Local firefighters part of recently returned wildfire crew
A Delaware wildfire crew returned home late last week from its second assignment this year, fighting fires near Twin Falls, Idaho. The 20-person crew left on Sunday, Aug. 6, and spent most of its assignment battling the Minidoka Complex Fire southeast of Twin Falls.
After taking a bus to Harrisburg, Pa., and flying out to Idaho, Henry Poole, fire supervisor with the Delaware Forest Service, said they jumped right to work the first day.
“After we checked in, our first assignment, they wanted us to do a burn-out, which steers the fire away” from the direction it is headed, he explained. “That’s where the term ‘fighting fire with fire’ comes from.”
He said that, in doing so, they were responsible for saving four homes. After that, Poole said, they got to see a “gigantic air tanker” drop retardant. “It’s kind of unusual to see a plane that big,” he said. “It’s actually a jet. I looked up and was like, ‘Wow!’ And we got to see its drop. And that’s what we did on the first day!”
He said they spent the next couple of days prepping fire lines, removing brush from the main fire line — which consists of manual labor, including cutting brush with chain saws and hand tools, lest anyone think they are out there simply spraying water on trees.
“Water is a luxury in the Western United States,” said Poole. “Engines were there, and we did have the opportunity to spray, but sometimes the areas are so remote they can’t get out there or can but then can’t come back once they are used.”
Other jobs include “mopping up,” which is going back and checking for hotspots in the soil to make sure nothing has the potential to re-ignite, and “holding,” which is watching an area for a crew that is doing a “burn out,” to make sure the fire is not getting ahead of the main fire line.
“It’s pretty dangerous if the fire is below you,” he said. “It can go uphill very quickly.”
Poole said he did get a chance to work with a “helicopter bucket drop,” in which they concentrated on getting under control an area that had heat.
Poole explained that a lot of the work that the foresters and volunteer firefighters do is manual labor, and sometimes mentally draining, and it takes a strong person — both mentally and physically — to do the jobs with which they are tasked.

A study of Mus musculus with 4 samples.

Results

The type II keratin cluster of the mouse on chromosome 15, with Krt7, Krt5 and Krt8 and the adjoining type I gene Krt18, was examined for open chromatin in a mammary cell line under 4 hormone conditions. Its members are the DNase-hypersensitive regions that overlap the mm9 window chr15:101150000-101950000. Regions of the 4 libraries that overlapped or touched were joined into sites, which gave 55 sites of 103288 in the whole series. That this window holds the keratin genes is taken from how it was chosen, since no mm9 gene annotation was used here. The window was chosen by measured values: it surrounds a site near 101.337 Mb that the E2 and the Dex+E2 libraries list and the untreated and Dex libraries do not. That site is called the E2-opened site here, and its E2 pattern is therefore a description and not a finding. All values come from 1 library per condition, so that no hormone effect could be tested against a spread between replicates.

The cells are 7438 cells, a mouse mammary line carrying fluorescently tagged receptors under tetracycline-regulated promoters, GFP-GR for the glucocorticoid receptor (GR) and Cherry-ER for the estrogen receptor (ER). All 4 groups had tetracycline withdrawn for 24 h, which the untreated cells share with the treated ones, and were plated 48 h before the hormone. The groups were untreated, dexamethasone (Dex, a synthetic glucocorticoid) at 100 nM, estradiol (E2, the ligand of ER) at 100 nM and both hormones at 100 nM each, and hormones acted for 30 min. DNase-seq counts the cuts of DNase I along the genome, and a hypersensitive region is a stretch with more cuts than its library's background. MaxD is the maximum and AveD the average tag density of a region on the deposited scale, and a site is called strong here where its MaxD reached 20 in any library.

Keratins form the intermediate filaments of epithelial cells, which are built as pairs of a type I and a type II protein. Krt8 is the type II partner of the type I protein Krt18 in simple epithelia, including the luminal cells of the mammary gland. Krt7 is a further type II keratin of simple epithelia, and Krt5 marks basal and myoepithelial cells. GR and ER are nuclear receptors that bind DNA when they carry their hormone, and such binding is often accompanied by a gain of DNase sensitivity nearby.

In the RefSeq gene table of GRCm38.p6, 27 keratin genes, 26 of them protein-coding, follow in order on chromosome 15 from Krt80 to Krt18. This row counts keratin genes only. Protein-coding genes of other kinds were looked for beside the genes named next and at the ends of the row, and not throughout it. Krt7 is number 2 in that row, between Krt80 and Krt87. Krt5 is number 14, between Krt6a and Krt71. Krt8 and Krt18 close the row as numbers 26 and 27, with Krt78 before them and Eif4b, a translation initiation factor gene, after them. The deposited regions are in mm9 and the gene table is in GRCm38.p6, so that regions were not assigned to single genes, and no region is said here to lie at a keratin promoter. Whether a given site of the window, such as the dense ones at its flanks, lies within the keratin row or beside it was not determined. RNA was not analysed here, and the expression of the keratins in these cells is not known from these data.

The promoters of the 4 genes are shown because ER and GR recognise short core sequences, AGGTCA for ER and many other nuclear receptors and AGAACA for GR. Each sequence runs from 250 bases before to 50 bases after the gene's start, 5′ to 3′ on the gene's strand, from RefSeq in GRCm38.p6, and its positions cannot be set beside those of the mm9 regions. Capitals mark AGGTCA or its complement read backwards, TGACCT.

“One day you might be standing there, watching the green,” he said of the area that is not burning, “looking for any embers that might start burning, for 15 hours straight — which is extremely important. And then other times you are choking on smoke and your eyes are watering because you are so close to it. It takes a strong person, mentally and physically… My hat’s off to everybody that comes out with us.”
He also said it “takes a special person,” to do the job, because the 14 days on assignment are 15- or 16-hour days filled with tiresome work.
“It’s not like you can clock out and go watch TV at night,” he said. “You are out there sleeping in a tent, or under the stars… It’s not for everybody.”
He noted that, while there were seven Delaware Forest Service employees who went on the assignment to Idaho, much of the rest of the crew was made up of firefighters from local volunteer fire companies — people with lives and jobs back home in Delaware. They came from all over the state, from Townsend to Millsboro to Frankford to Wilmington.
According to the National Interagency Fire Center, even though the National Fire Preparedness Level remained at 3 on a 5-point scale this week, there were 44 large uncontained fires nationwide.
All fire crew members must hold current “red-card” certification from the National Wildfire Coordinating Group (NWCG), which involves completion of a set of core training courses and attendance at the DFS’ annual “Fire Camp” live-burn training session, as well as a strenuous work-capacity test in which participants must carry a 45-pound pack over a 3-mile course in less than 45 minutes.
Poole said that, now that the crew is back, he will get set on organizing training for next January’s classes. He said they also work in conjunction with the Delaware State Fire School to offer training for the basic classes. There is also a fire academy in New York state that he said volunteers can attend.
Poole said he appreciates all the work that the volunteers do, from training to actually fighting the fires and stepping up for leadership positions. He said they are always looking for good people, “especially in bad fire seasons like this.”
“Like they say, ‘It’s hard to plow your own field when your neighbor’s house is burning down.’ And, most of the people, they do it because the like to help,” he concluded. “When you are out there, the locals know you are the guys with the yellow shirts on and the green pants, and they will say, ‘Thank you,’ and that is a good feeling.”